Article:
My No-No Square: Metal and Abuse

During a recent interview I conducted with Oscar Dronjak, guitar player of Hammerfall, we touched upon the topic of the position of women in the metal community. Basically, we agreed upon the fact that female metal fans are often in a disadvantageous position compared to their male counterparts, and are often targeted for different degrees of abuse.

During my first day at the Wacken Open Air Festival 2014, I talked with a girl who was dressed in a rather revealing way, and noticed how wherever we went people stared or made inappropriate comments towards her. Although with the exception of one guy who was too insistent, and to whom I explained that I’d punch him in the throat if he didn’t leave, most people were just satisfied with doing some ineffective cat calling and staring. This is still not good enough.

Far be it from me to claim that I’m a good person. I’m sure that many people who’d be happy to list my always increasing list of defects; however, I always felt that there needs to be something deeply broken inside of you to think that you’re somehow entitled to be inappropriate towards a woman just because she’s dressed in a certain manner or, even worse, just because she’s a woman.

One of the many negative effects of the commodification of women is the sense of entitlement that men develop as a result. After all, if women are a product, then why shouldn’t you have access to them? This is the kind of downright crazy mindset that makes a rape-friendly asshole think that he can cup a feel of whatever random woman happens to be in front of him. It’s the “she was asking for it” philosophy: “if she didn’t want to get groped, she wouldn’t be dressed like that” or “she wouldn’t be here”.

As a person who was raised mostly by women (my father died when I was a kid, so my mother and my grandmother did the job) I find it sickening to see that someone would even consider abusing a woman, and yet here we are. The fact of the matter is that propositioning a random woman is neither funny nor cute, but downright fucking creepy, not to mention threatening. Despite what you might think, approaching a girl that just so happens to be walking by you and telling her something about her tits will not get you laid. It might, however, get you a well-deserved dose of pepper spray right into your corneas. I’m not talking about asking a girl out, or trying to start a conversation with someone you find attractive (I’m sure there are some crazy people who would call those behaviors creepy, but fuck those people anyway); I’m talking about the insane idea that telling a stranger that you’d like to fuck her is a good philosophy.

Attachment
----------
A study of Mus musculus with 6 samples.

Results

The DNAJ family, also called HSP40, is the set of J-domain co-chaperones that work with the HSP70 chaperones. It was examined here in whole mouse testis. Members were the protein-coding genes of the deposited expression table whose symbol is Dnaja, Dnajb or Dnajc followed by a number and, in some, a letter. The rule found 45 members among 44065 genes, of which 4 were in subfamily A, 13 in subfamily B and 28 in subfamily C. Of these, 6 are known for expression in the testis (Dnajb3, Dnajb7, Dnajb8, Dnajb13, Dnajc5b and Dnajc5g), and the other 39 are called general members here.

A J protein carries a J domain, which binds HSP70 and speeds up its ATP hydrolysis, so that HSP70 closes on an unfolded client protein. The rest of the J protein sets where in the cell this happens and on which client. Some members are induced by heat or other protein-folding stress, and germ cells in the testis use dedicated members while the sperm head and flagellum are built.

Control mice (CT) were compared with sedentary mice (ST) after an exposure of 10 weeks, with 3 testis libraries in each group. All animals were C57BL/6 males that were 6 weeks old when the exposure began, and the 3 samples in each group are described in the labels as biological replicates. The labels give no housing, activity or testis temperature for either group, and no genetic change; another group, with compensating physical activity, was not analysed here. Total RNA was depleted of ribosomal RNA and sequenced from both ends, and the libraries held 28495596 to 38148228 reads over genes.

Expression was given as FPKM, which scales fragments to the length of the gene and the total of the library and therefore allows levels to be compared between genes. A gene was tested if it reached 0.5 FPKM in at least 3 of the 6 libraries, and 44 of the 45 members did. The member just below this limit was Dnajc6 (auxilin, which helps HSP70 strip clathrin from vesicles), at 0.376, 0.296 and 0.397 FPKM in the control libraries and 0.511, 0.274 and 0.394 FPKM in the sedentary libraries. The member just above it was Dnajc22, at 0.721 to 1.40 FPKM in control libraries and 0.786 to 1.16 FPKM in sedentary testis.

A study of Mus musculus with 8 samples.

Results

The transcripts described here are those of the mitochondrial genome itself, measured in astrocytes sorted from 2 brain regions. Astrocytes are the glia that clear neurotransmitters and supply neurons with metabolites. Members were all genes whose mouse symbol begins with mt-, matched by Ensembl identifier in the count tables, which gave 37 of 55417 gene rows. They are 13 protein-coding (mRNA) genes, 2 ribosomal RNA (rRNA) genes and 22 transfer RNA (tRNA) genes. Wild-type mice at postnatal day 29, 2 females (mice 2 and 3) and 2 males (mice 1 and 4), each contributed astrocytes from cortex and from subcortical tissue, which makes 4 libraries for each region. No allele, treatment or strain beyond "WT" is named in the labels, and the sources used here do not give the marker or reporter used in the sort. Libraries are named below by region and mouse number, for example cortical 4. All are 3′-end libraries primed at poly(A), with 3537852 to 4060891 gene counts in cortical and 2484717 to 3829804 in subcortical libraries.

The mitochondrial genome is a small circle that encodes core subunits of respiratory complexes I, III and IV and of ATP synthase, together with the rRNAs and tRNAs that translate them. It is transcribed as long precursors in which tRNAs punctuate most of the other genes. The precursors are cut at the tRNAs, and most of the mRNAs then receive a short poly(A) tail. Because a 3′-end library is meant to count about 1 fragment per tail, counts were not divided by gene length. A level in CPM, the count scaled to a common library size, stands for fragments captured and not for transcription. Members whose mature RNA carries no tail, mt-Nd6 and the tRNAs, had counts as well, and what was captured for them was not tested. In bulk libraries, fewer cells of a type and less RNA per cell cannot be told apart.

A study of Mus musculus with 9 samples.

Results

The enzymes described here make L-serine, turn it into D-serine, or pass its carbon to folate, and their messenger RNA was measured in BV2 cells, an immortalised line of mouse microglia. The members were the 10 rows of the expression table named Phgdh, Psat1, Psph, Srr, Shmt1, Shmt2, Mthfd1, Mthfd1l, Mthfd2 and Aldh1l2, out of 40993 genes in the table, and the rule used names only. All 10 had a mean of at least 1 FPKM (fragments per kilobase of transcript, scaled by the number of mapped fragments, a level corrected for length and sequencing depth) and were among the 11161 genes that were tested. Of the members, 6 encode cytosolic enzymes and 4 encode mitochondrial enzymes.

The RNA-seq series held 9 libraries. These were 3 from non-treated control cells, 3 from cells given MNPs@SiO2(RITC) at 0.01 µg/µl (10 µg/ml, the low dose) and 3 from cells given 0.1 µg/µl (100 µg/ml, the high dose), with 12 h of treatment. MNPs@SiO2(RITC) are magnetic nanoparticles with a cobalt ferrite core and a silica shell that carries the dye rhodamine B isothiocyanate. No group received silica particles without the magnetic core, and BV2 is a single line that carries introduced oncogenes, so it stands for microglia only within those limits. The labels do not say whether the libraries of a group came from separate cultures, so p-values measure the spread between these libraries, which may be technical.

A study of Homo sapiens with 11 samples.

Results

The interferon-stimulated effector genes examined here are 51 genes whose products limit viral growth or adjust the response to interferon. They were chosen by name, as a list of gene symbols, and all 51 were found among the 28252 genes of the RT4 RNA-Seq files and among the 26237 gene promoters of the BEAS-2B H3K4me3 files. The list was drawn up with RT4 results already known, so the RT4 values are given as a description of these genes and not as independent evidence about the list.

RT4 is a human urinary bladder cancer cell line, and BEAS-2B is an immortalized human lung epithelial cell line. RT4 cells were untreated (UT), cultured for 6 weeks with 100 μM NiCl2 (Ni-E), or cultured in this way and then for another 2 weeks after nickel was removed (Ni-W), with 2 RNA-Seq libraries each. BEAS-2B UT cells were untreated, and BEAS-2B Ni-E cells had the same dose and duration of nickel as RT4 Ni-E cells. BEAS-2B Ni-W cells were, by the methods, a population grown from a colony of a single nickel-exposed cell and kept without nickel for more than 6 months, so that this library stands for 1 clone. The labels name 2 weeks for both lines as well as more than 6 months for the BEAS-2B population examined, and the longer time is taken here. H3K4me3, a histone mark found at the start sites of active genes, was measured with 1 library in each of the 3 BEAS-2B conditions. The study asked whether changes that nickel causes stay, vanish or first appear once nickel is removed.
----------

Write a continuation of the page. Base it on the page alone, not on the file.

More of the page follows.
The internet is, of course, rife with this crap. Look at any video featuring a female musician and you’ll see plenty of comments left by people talking about fucking them up every imaginable orifice, whether willingly or not, as if that was funny. Just as it happens with a bad smell, we’ve grown so accustomed to this type of behavior that we tolerate it as if it was the most normal thing in the world, never stopping to actually think how deeply fucking wrong it is.


This whole situation is particularly worrying in a festival setting, where women are often the object of abuse, perhaps because “they knew what would happen here anyway” philosophy of the drunken morons who crawl around the area. There is something deeply wrong about a community where we accept treating women like shit, as if it was an inherent risk of being there. Of course, this is not just a problem in metal, but rather in all of society; and even though we do fairly decently in comparison with other genres of music, we should aspire to be more.

As I said once, if you see something, say something. Don’t just sit idly by while shit like this happens around you. If your friends act like assholes, tell them; call them out on their crap. And, most importantly, find better friends.